Section 8 Housing in Trouble?

Rob Goodspeed has a detailed examination of the Section 8 Housing in the northern part of DC, and he comes to a conclusion that could have some serious consequences for many DC neighborhoods: half the governmentally subsidized apartments are able to discontinue their contracts with the government this year, and many may well sell their properties to private development which would likely not maintain affordable housing in Northwest. Check out Rob’s article and the maps involved, it may be a bit of a clue as to what’s going to happen to DC over the next year or two as things change with the Section 8 housing.

3 Comments so far

  1. Krempasky (unregistered) on July 5th, 2006 @ 9:44 am

    You’re right – that is a great post. One thing I’m curious about is whether building owners can chose to continue as-is in the Section 8 program without making another decades-long committment. If anyone were worried about a currently crashing/cooling condo market (how many are coming online again?) – it might well be more attractive to stand pat for a while.

  2. Tom Bridge (unregistered) on July 5th, 2006 @ 9:47 am

    It’s a great point, Mike, it seems that these contracts are incredibly long and that might be part of the reason they’re fairly unpopular with the existing owners at this point, especially with a city real estate market that’s constantly changing. Me, I’d love to get into Shaw while it was cheap, this may be the end of that.

  3. Don (unregistered) on July 5th, 2006 @ 12:15 pm

    They may be long, but there’s two excellent reasons for that – one of which is, in my mind, something you just can’t overcome. The first is simply a manpower and labor issue. Re-negotiating these contracts every five years would double the amount of overhead in the program.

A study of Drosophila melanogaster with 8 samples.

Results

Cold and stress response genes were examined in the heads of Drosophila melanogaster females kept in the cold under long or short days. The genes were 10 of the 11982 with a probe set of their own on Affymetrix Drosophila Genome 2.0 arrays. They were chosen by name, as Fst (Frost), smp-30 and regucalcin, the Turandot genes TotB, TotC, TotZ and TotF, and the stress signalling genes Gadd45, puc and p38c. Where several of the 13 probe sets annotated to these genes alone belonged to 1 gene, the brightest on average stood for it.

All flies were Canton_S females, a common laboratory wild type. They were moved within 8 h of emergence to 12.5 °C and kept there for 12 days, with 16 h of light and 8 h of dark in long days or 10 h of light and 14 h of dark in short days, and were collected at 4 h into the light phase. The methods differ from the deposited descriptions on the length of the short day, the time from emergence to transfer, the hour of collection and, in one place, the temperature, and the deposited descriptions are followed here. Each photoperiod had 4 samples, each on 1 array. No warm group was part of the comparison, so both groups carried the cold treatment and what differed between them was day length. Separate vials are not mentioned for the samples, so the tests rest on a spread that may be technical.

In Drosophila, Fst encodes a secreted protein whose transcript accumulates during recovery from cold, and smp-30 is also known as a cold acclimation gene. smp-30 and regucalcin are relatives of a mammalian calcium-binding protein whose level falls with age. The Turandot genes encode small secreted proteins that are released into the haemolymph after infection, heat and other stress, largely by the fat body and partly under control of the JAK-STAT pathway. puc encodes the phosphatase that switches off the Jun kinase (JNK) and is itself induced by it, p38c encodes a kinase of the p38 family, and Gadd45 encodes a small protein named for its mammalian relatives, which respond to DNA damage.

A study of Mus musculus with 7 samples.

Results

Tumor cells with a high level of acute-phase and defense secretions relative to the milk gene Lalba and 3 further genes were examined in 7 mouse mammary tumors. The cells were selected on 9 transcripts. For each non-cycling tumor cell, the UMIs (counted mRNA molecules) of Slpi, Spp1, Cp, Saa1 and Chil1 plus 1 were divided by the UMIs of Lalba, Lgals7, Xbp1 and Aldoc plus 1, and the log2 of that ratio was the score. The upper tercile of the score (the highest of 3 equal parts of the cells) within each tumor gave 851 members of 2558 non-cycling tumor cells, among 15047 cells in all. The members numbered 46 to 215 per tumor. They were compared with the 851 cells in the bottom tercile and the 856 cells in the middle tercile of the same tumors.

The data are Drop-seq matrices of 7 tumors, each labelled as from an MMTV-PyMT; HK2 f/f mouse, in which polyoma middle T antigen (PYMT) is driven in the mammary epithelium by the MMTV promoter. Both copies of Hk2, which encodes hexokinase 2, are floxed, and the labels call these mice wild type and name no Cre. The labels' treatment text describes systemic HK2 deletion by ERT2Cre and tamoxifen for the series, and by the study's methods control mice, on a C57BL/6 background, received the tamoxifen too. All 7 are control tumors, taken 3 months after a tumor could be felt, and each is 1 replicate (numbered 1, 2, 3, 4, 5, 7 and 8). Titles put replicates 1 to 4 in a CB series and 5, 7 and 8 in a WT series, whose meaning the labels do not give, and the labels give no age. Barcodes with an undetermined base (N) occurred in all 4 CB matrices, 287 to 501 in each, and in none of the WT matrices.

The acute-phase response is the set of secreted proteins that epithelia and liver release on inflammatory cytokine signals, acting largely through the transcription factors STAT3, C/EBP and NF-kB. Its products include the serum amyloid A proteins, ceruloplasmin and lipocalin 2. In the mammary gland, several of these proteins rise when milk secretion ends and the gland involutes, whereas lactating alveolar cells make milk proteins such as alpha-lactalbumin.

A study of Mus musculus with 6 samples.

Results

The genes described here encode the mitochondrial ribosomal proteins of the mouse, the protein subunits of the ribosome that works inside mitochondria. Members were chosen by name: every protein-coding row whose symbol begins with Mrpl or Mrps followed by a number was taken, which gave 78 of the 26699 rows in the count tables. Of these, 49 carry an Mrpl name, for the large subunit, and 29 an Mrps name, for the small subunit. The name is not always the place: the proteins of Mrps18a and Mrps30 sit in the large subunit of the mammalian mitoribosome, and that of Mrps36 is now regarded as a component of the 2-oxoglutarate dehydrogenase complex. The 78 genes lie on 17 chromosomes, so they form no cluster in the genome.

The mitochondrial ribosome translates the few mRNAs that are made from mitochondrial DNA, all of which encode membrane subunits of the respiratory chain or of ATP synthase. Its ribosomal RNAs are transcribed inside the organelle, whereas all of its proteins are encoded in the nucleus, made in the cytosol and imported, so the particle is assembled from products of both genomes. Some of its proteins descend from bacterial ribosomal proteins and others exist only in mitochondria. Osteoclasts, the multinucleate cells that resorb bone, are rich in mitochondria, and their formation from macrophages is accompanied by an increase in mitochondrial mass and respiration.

The important reason, however, is the stability for the renters. A ten-year block of time means they have the potential to stay there a long time and get their lives improved to where they don’t need assistance. Moving is chaotic for those of us who can afford to house ourselves, much less the working poor. Getting them into a fixed location increases the possibility they’ll make ties and be a part of turning an area into a neighborhood.

    Aside from both these factors, I’m not sure the ten-year commitment is a huge turn-off for landlords. While the decision to sell or rent isn’t a minor one, most people renting properties want to continue to rent properties and have the incoming income. I don’t think you’d find most people who own several rental properties are also doing much real-estate speculation. If you want to be renting units a section 8 deal is probably a plus – there’s always a long waiting list for the subsidy, meaning you’re well assured a tenant.